Tom Chacon sold his business last year, but remains in the industry as president of MPMA
When he was 18, Tom Chacon enrolled in college in Ogden, Utah, and took a job at a manufacturing company. Manufacturing won. He never returned to college, but rose up the ranks from being an inspector to a supervisor in quality engineering. In 1997, his brother-in-law invited him to help out at Fridley-based Boring Machine Corp., which made custom parts, primarily for the aeronautics industry. Four years later he bought the company and had a successful run until he sold it last year. But for the last eight years he’s been on the board of the Minnesota Precision Manufacturing Association (MPMA) and this fall he took over as president.
MNBIZ: 2001 was not a great year to enter a new venture.
Tom: Yeah. Worst time to buy a machine shop that 90% of its work is aerospace, because September 11th comes around and nobody’s flying planes, nobody’s building planes, nobody’s doing anything. So, we struggled as soon as we bought it.
MNBIZ: What did you do?
Tom: We looked to branch out, but realized that we didn’t have the equipment capable of competing in automotive or oil field work or any higher-volume stuff. Our equipment was kind of specialized, so we just decided we’re going to make that our niche. So, we did. And we did really well with it. We got one or two small government contracts, and then we got some contracts to work with Lockheed Martin on the C-5, one of the biggest cargo planes.
MNBIZ: You kind of glow a little bit when you talk about these things. Do you have a sense of pride for products that contain your parts?
Tom: Yeah. Oh, definitely. And I think most people in manufacturing have that sense. At the end of the day, I did this. I made this. And it went on like that. It’s a part of helping make that fly. People in manufacturing seem to really get that sense of accomplishment.
MNBIZ: Do you miss being a manufacturer?
Tom: When I sold last year, I wasn’t quite ready. Our biggest customer came in with a big order and said, “We need you to grow.” And I went, “I can’t grow.” I was really too old to want to start doing this again. So they just came in and took over. They manufacture their own product now. It worked out really well. I do miss it a little bit, but being in MPMA is my still connection to it. I believe in it.
MNBIZ: Is the manufacturing sector healthy?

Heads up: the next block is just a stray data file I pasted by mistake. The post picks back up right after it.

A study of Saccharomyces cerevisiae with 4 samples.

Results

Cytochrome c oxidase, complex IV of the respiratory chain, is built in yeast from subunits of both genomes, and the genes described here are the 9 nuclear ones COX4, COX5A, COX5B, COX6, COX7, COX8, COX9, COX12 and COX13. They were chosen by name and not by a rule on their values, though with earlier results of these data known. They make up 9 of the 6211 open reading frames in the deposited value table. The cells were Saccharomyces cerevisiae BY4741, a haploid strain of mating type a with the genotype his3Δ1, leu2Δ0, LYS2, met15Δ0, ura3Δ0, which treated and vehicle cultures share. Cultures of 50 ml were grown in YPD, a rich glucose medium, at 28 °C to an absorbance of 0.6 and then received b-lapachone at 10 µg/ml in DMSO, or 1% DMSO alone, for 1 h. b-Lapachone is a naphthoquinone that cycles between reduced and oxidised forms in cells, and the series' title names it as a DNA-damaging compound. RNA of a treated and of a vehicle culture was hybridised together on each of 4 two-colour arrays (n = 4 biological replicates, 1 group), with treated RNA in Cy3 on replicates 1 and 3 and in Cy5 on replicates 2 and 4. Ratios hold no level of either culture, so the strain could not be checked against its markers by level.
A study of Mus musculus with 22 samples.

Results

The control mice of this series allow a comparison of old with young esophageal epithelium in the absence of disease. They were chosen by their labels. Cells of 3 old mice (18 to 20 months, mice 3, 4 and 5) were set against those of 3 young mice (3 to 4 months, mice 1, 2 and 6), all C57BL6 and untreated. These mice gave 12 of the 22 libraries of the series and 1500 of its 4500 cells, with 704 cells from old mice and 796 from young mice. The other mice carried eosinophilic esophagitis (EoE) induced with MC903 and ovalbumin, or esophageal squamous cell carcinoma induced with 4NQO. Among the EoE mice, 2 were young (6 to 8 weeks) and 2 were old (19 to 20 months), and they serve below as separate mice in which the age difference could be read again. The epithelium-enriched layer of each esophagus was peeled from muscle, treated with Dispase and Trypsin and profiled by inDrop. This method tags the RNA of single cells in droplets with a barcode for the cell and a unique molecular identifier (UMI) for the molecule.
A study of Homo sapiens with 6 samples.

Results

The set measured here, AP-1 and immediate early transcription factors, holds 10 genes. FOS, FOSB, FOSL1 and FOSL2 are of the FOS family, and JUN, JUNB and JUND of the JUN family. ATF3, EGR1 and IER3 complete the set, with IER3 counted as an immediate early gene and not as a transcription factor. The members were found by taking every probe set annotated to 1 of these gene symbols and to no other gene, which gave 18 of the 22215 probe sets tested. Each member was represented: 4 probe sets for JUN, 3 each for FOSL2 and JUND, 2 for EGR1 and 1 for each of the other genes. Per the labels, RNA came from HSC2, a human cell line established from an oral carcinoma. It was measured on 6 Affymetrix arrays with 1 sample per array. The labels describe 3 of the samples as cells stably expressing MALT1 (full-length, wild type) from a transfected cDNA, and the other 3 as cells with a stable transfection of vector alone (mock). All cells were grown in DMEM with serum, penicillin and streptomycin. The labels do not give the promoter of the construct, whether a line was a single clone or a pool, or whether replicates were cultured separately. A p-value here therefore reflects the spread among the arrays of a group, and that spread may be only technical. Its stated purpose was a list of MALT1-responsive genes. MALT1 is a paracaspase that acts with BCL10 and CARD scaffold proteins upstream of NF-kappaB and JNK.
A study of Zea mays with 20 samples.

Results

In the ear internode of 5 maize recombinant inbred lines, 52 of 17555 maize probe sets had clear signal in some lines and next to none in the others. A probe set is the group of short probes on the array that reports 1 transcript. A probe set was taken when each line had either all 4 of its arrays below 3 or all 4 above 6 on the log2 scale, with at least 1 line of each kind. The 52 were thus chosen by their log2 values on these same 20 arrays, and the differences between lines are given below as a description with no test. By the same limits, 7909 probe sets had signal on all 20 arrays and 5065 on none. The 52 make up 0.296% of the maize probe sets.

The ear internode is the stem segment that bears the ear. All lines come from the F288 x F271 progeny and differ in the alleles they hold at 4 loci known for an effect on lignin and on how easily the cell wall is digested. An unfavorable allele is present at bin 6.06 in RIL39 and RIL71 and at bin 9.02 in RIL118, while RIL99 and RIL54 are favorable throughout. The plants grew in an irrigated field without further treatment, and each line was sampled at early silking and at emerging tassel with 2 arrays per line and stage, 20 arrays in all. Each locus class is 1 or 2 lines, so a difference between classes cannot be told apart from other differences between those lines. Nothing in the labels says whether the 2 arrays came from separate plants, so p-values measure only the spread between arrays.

Tom: I think we need to grow it here in the U.S., and I think we can. But we need to get people involved. My overall sense is it’s getting busy. I talked to a guy just yesterday, and they plan on 4% to 5% growth a year. He says they’re going to go 15% this year. So, it’s just coming up. But everybody’s having the same problem. They can’t find the people they need.
MNBIZ: Is there a typical manufacturer’s personality?
Tom: Oh yeah. They’ve been described in two ways. A motor head — guys that like to work on cars — and farm kids. They are the two kinds you look for. The guys that really like to do things with their hands, but you must be strong in math, too. Math is still critical.
MNBIZ: Do we have enough people that just need to be trained, or do we need more people?
Tom: We need more people. Right now, there’s just thousands of jobs out there unfilled. You can almost go to any shop in the state and ask if they need people, and they would tell you yes.
MNBIZ: What can be done?
Tom: The MPMA has recently spearheaded a youth skills training program. The legislature had changed the laws back in early 2000s, where you couldn’t get students into factories as apprentices.
Tom: Safety issues. So, we couldn’t even really get kids in there to learn the trades. We couldn’t give them summer jobs, we couldn’t give them part-time jobs after school because of safety reasons. We’ve pushed for changes for years, but this year we’ve really pushed it hard. Finally we were hearing our words coming back to us by the legislators. So, we knew we had some traction. They passed the Youth Skills Training Bill to get kids involved.
MNBIZ: Sounds like now you need an early childhood training program to get them thinking about manufacturing at a young age.
Tom: Yes — I hope to start working on that next.